Creating the Impetus for Design for Lean Six Sigma

| On 25, Jun 2007

Michael S. Slocum

Design for Lean Six Sigma (DfLSS) is a phase-gated integration of world-class methodologies that are utilized in a synergistic fashion to convert the voice of the customer (VOC) and/or the voice of society (VOS) into a commercialized product or service that meets or exceeds requirements, and is manufacturable at the required sigma level. Another way to characterize the VOS, since it is a new term, is to think of it as the “unarticulatable” needs of humans that are such because there is no available knowledge from which to form possibly commercializable ideas, products or processes. For example, while the human community had a need to travel faster prior to Henry Ford’s day, the average person had little chance at conceptualizing or coming up with the idea of a combustion engine. Yet society still had a voice that demanded the function that the combustion engine delivered. Therefore, to be most effective in DfLSS, a business must capture both the VOC and the VOS, systematically.

As the organization moves from VOC and/or VOS to the delivered product, there are five key domains of expertise thsat must be exercised. These domains begin with the customer requirement domain (CR). In this domain Quality Function Deployment or Axiomatic Design may be used to capture and analysis the input. The CRs identify the targets of the project. The CRs must be converted into a set of required functions. This is the Functional Requirement (FR) domain. The identified functions are critical for the identification of those outputs that will accomplish the CRs. FRs also identify the input requirement for the third domain – Design Parameters (DPs). Function Modeling and Axiomatic Design may be utilized to identify the necessary functions in the system. Once the functions have been identified, it will be possible to characterize the required design features that will assemble and, with energy provided to the system, generate the necessary functions to meet the CRs. There are many methods that may be utilized in this domain: CAD , CAM, CAE, CFD, FEA, Robust Design, Tolerance Analysis and Axiomatic Design. The final domain characterizes the manufacturing parameters necessary to produce the design features that, when assembled, provide functions that meet customer requirements. The stage-gate reviews ensure the cascade of critical-to-customer requirements through the process.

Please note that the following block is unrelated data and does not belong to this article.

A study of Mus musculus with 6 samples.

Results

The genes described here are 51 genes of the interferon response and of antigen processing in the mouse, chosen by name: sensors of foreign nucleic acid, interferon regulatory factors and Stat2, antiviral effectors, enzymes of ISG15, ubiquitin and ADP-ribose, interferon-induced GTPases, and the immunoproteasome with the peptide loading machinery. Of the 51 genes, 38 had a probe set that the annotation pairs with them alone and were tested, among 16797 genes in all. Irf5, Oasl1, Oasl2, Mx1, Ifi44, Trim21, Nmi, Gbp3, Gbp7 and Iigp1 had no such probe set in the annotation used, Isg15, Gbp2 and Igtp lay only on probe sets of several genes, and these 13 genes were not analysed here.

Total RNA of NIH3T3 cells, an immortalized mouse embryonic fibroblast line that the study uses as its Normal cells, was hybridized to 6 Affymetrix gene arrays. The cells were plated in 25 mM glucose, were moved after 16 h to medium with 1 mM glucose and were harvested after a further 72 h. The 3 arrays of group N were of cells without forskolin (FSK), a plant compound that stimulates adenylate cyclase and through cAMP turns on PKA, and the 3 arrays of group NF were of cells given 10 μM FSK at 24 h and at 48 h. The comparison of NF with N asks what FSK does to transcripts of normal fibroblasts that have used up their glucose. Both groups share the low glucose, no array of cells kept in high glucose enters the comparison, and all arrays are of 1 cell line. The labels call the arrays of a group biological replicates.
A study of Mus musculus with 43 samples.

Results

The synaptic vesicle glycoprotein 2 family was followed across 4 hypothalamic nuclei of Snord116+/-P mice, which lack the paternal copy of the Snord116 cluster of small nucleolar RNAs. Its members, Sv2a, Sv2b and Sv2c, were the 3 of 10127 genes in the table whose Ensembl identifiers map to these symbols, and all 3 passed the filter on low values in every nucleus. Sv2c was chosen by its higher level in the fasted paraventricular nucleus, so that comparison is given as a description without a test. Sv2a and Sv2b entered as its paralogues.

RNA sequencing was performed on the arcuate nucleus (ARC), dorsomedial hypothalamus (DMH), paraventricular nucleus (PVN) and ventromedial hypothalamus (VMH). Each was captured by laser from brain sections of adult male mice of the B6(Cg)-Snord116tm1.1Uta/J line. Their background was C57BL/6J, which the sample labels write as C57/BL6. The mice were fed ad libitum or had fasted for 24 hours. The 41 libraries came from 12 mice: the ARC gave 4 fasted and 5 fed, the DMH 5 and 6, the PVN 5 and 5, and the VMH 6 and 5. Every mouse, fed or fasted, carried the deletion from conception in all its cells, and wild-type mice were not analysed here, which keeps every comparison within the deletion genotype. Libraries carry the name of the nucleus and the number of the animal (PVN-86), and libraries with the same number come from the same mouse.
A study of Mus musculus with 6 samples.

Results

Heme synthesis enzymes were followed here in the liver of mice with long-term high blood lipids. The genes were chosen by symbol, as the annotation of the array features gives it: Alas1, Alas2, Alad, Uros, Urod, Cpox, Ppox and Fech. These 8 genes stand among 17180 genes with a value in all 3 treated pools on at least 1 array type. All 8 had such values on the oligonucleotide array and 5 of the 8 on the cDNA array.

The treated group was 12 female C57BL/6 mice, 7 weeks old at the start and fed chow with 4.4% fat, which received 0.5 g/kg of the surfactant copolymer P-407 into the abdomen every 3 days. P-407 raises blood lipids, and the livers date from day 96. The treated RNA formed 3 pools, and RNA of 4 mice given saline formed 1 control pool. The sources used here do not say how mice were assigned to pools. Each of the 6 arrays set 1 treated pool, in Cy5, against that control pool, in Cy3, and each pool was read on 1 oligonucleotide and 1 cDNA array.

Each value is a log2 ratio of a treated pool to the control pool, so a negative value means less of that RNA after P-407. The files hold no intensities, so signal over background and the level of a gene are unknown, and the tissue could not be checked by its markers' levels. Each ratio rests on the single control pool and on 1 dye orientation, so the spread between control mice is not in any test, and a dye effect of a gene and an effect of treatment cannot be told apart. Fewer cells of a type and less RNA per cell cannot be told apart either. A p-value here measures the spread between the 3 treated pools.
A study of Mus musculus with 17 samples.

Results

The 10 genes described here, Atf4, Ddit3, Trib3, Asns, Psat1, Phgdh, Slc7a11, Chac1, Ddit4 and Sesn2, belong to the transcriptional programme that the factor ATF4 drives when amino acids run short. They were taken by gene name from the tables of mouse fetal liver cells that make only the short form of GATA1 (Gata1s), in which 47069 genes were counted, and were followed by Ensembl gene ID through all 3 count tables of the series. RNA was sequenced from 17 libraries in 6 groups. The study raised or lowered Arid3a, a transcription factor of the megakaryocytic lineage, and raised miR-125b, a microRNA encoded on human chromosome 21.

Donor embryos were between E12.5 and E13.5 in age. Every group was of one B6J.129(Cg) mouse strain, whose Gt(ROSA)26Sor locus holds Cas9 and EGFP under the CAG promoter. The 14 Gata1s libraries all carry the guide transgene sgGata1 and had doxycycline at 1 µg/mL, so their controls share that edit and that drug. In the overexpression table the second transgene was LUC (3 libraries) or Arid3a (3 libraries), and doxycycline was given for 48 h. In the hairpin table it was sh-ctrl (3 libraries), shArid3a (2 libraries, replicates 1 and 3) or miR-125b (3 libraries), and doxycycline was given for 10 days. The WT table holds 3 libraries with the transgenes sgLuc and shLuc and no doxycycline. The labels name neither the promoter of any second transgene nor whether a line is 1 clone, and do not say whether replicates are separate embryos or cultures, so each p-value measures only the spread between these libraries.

What I find very interesting is the fact that the impetus for DfLSS is the development of a concept or idea in response to VOC or VOS – and this step is almost completely ignored by current DfLSS methodologies. My proposal is simply to add systematic innovation to the front end of the DfLSS process. Relying on the output of a designer or design team using a body of knowledge (set of CRs), a deadline and an ad-hoc ideation method (fiat, epiphany, brainstorming) is not adequate. This would be analogous to applying DMAIC to optimize what ultimately is a non-value added activity. DfLSS applied to a mediocre idea yields optimized mediocrity. The TRIZ methodology is ideal for rendering an idea-scape that is based on world-class scientific observations on par with the balance of the tools and techniques found in DfLSS. It is my proposition that the infusion of both tactical and strategic TRIZ into DfLSS will increase the density and quality of new product launches. It will also ensure that those resources dedicated to a DfLSS project are optimized.